Ever walk into a grocery store trying to find one brand of pasta and end up getting overwhelmed with all of the options? This is the paradox of choice.
When it comes to your customers: More is less and less is more. When people have too many options, the information seems overwhelming. This state of indecisiveness commonly called “analysis paralysis” in which people get so caught up in weighing their options that they are unable to make any decisions at all.
Demystifying the Paradox of Choice
In today’s competitive retail environment, merchants often assume that having more products can give them a competitive edge. However, the idea that more honey will attract more flies is proven to be counterproductive. In fact, in a study conducted by Sheena Iyengar from Columbia University had researchers dress up as store employees and have customers try different types of jams. One table had 24 different kinds of jams and another table only had six different kinds of jams. Sixty percent of people stopped to take a sample from the table with 24 jams, but only 40% of people stopped to take a sample from the table with six jams. However, only 3% of the customers bought from the table with 24 jams, while 30% purchased from the table with six jams.
Results of this study show that many businesses accidentally sabotage sales by offering too many options. Customers may think they want to buy many things at once but end up walking out of your store empty-handed.
Improving Sales The Pandora Way
Pandora radio applies the paradox of choice to their business model by allowing customers to input their favorite band. The station also plays similar-sounding artists.
As a merchant, you can apply this approach by analyzing existing store data and use your findings to determine popular items based on pre-existing purchases. If you have done a good job at defining and attracting your target customers, you’ll notice that your regulars have a lot in common. Use this data to make educated guesses about what items are likely to be bestsellers for your business.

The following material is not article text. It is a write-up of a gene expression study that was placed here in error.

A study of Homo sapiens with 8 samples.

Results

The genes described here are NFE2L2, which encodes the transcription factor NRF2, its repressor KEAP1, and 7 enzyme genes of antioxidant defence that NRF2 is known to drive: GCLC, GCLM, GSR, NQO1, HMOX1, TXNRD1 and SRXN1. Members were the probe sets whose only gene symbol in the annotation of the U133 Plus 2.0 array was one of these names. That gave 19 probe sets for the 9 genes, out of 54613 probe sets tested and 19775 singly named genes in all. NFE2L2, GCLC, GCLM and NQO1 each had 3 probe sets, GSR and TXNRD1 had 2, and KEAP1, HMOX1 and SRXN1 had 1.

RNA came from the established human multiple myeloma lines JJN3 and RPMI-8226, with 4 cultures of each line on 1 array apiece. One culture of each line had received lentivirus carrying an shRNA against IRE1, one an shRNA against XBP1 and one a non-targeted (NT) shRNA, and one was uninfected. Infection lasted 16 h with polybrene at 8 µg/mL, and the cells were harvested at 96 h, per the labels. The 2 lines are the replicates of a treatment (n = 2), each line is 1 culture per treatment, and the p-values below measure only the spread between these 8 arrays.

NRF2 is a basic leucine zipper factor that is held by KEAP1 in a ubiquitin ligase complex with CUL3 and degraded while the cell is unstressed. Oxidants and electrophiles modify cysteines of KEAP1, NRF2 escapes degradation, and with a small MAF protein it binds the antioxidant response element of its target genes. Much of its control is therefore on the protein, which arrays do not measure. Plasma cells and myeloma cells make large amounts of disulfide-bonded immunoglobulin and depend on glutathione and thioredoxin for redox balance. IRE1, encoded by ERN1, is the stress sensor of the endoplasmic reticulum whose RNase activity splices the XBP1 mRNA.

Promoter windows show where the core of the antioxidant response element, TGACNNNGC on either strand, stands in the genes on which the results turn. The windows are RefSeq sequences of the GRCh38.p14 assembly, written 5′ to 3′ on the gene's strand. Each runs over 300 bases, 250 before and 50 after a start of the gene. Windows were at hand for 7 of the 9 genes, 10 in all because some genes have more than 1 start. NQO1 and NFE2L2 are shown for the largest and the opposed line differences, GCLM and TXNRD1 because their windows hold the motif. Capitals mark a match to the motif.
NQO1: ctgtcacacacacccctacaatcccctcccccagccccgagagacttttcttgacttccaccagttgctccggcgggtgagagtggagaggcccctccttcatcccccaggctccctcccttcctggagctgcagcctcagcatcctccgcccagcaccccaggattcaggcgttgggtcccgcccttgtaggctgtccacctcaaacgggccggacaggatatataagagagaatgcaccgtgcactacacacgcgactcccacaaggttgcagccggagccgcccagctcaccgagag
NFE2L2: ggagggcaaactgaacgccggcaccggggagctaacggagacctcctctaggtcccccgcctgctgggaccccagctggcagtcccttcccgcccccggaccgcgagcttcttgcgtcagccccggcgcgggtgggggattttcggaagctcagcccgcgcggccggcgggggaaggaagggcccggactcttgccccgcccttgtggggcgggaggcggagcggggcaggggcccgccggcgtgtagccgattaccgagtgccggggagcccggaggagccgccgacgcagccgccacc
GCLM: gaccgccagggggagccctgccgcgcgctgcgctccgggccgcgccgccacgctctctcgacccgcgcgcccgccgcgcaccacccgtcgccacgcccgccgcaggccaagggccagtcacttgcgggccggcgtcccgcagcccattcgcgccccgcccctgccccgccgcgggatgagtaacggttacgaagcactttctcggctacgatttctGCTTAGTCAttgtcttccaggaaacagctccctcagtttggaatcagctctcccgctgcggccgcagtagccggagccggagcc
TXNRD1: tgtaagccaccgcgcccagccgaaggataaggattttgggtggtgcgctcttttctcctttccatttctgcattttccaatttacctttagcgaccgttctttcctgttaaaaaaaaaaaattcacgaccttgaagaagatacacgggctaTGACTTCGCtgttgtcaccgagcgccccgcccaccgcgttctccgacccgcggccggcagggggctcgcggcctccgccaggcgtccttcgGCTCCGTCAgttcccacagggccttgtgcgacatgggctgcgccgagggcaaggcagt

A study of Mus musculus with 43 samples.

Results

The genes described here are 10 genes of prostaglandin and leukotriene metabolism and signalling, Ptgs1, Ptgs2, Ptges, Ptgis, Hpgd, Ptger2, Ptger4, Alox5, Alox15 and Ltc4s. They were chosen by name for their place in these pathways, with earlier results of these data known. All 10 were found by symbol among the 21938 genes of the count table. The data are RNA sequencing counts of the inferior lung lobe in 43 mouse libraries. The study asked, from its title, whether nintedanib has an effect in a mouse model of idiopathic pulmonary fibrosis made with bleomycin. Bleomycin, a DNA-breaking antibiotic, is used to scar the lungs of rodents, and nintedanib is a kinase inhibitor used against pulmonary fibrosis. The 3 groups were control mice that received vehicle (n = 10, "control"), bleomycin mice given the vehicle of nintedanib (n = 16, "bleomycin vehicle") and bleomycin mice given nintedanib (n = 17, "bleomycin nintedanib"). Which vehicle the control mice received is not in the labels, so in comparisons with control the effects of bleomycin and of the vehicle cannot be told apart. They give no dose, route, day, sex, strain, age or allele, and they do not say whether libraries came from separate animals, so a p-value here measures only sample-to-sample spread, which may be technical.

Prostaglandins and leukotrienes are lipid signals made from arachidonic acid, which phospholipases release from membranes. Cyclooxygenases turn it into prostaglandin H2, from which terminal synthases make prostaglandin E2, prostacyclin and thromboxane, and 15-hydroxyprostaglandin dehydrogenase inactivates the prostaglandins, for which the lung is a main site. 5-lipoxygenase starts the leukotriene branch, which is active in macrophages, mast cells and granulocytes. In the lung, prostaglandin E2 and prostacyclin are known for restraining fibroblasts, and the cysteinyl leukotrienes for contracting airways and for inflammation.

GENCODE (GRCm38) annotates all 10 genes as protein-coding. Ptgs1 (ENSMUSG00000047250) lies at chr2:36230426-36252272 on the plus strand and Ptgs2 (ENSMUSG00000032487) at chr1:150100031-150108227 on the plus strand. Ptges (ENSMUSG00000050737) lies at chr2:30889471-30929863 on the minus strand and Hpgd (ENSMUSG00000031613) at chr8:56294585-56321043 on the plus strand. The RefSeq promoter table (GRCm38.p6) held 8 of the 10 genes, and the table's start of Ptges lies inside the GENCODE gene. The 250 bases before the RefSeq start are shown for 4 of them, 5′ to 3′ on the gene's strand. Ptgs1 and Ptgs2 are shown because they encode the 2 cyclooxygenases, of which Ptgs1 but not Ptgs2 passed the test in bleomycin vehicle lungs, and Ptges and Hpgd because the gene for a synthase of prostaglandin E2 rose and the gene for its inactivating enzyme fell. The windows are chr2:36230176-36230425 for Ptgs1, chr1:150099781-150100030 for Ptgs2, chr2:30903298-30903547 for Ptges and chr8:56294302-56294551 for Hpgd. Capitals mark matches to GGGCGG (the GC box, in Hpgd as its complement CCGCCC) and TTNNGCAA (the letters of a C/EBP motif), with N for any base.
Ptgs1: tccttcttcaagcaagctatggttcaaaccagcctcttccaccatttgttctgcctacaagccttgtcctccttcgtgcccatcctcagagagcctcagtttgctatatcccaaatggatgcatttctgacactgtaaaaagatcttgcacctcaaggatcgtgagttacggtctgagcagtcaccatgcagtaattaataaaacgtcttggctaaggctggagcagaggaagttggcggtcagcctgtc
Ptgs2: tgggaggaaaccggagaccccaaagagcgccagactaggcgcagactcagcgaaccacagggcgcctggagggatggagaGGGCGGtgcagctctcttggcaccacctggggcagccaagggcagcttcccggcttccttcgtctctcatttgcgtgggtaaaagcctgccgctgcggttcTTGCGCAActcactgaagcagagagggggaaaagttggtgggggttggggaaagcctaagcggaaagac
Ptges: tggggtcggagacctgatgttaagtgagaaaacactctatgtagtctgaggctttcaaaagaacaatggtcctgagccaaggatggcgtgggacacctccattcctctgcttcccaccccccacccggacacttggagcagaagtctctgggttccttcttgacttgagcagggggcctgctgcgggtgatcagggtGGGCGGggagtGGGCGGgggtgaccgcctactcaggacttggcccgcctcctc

Try narrowing down the options and only offer the most basic choices. You need to find a happy middle ground between offering too much and too little. Give customers enough choices so that they can easily review all their options and quickly make a decision without having to agonize and ponder over trying to figure out if they’re making the correct choice. If an individual product isn’t selling very well, feel free to scrap it to make room for others.
Cashing In On Complexity
If you want to offer multiple options, you should condition your customers for this complexity. For example, a pet grooming business can simplify the decision-making process for customers by first offering them a consolidated list of core services. An example of this would be boiling services down to two options. Customers can choose one of two package options: bath and brush or bath and haircut. Once the customer has made a choice you can attempt to upsell them with additional options such as a puppy pedi, teeth cleaning or face and ear care. Just remember to keep the options simple to avoid analysis paralysis and to keep customers engaged during the buying process.
The solution you choose depends on what products you’re selling. For example, someone who custom designs and manufactures furniture would benefit from a more sophisticated pricing strategy that relies on upsells while an ice cream shop would probably be better suited to testing out the Pandora approach. Just remember that the more options you provide to customers, the more potential problems can arise. So, next time you are choosing your product lines, avoid trapping customers in the paradox of choice by applying these few simple tips.